The U.S. Constitution and state constitutions guarantee certain rights. Too often, government violates those rights instead of protecting them. The Goldwater Institute is committed to constitutional rule of law and focuses on property rights, campaign finance, legislative terms, balance of power among levels of government, processes of judicial appointment, and state sovereignty, among others.
Want to make a difference in the fight for liberty? Consider law school. In no other arena can an individual have a greater impact for freedom. After all, the courts were intended to safeguard individual rights by holding the other two branches of government to their constitutional boundaries. And unlike politics, law tends to be black or white—you win or you lose—rather than shades of compromise. Look how dramatically cases like Brown v. Board of Education have changed the world.
The seismic non-issue in the presidential campaignPosted on August 06, 2012 | Type: Op-Ed | Author: Clint Bolick
Should control over Supreme Court nominations figure prominently in the forthcoming presidential election? Yes, big-time. Will it? Not likely.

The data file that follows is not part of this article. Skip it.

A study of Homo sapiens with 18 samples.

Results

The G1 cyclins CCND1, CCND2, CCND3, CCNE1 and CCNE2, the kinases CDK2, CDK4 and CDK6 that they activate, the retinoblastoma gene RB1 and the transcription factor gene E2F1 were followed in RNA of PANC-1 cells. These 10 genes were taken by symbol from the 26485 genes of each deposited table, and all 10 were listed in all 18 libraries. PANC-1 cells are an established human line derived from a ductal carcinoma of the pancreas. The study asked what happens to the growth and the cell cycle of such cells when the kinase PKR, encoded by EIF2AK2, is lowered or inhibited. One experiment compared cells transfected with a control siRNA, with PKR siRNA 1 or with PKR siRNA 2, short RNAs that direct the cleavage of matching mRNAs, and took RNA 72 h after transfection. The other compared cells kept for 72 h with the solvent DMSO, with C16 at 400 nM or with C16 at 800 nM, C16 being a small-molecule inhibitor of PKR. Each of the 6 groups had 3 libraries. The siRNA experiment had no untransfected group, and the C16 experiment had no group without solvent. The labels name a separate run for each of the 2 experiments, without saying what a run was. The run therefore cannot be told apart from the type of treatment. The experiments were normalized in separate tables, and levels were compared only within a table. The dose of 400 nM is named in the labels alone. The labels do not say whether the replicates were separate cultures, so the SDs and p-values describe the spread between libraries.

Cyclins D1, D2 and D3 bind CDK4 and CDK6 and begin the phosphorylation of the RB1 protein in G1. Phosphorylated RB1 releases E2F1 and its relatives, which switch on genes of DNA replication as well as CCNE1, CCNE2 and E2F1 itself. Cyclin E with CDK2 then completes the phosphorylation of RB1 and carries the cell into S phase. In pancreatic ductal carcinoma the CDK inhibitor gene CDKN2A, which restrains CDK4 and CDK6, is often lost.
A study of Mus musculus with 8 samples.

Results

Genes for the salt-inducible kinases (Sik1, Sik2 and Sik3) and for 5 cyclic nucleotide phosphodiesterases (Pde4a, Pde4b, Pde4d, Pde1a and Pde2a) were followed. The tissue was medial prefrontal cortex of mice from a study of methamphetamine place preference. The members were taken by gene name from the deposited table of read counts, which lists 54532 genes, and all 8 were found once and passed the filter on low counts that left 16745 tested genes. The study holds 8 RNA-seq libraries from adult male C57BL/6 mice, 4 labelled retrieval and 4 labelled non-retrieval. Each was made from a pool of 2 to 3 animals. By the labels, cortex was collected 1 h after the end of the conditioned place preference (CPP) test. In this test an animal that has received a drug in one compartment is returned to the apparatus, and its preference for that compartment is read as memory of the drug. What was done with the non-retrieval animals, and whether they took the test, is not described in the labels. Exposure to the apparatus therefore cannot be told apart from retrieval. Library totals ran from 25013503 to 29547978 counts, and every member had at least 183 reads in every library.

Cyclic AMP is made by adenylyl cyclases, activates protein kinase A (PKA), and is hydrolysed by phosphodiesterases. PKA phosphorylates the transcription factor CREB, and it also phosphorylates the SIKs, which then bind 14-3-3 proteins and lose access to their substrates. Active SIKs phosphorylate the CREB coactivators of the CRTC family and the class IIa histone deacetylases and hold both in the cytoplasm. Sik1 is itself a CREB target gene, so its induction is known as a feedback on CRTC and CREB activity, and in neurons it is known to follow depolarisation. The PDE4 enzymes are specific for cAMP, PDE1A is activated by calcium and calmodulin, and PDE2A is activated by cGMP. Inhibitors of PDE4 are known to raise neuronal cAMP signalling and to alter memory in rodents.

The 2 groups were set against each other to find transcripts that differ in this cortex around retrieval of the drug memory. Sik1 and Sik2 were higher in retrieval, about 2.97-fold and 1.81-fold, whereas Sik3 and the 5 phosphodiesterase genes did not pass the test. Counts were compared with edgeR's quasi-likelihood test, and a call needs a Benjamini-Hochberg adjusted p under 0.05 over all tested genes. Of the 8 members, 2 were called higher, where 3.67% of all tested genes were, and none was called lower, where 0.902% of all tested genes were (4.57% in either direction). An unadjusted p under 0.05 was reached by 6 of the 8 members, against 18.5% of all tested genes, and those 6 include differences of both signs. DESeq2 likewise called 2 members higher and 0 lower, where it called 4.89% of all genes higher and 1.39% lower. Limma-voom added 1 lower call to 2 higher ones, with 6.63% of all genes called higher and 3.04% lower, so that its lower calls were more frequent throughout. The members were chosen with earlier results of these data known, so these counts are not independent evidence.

Clint Bolick: The Supreme Court Stakes in 2012Posted on July 09, 2012 | Type: In the News | Author: Clint Bolick
Many conservatives are angry with Chief Justice John Roberts, whose decisive vote in late June not only sustained a disastrous health-care law. It also interpreted the Constitution to permit Congress to penalize behavior through its taxing power that it cannot control through its power to regulate commerce. Magnifying the harm is a CBS News report—and informed suspicions from a number of sources—that Chief Justice Roberts initially voted to strike down the law but switched in the face of veiled threats from President Barack Obama and concerns about the court's reputation and his own.
Tombstone Ain't Dead YetPosted on May 23, 2012 | Type: Blog | Author: Nick Dranias
Last week, the U.S. Forest Service got the drop on Tombstone when the City’s request for an emergency injunction was denied by Senior Judge Frank Zapata of the United States District Court. But Tombstone’s legal posse has a more than a few rounds left in the chamber.
The Taxpayers Win OnePosted on May 17, 2012 | Type: Blog | Author: Clint Bolick
Two years ago, Gov. Jan Brewer abolished the Arizona Department of Commerce. It wasn’t an act of getting rid of government waste or excess, but rather making way for a new entity: the “quasi-public” Arizona Commerce Authority.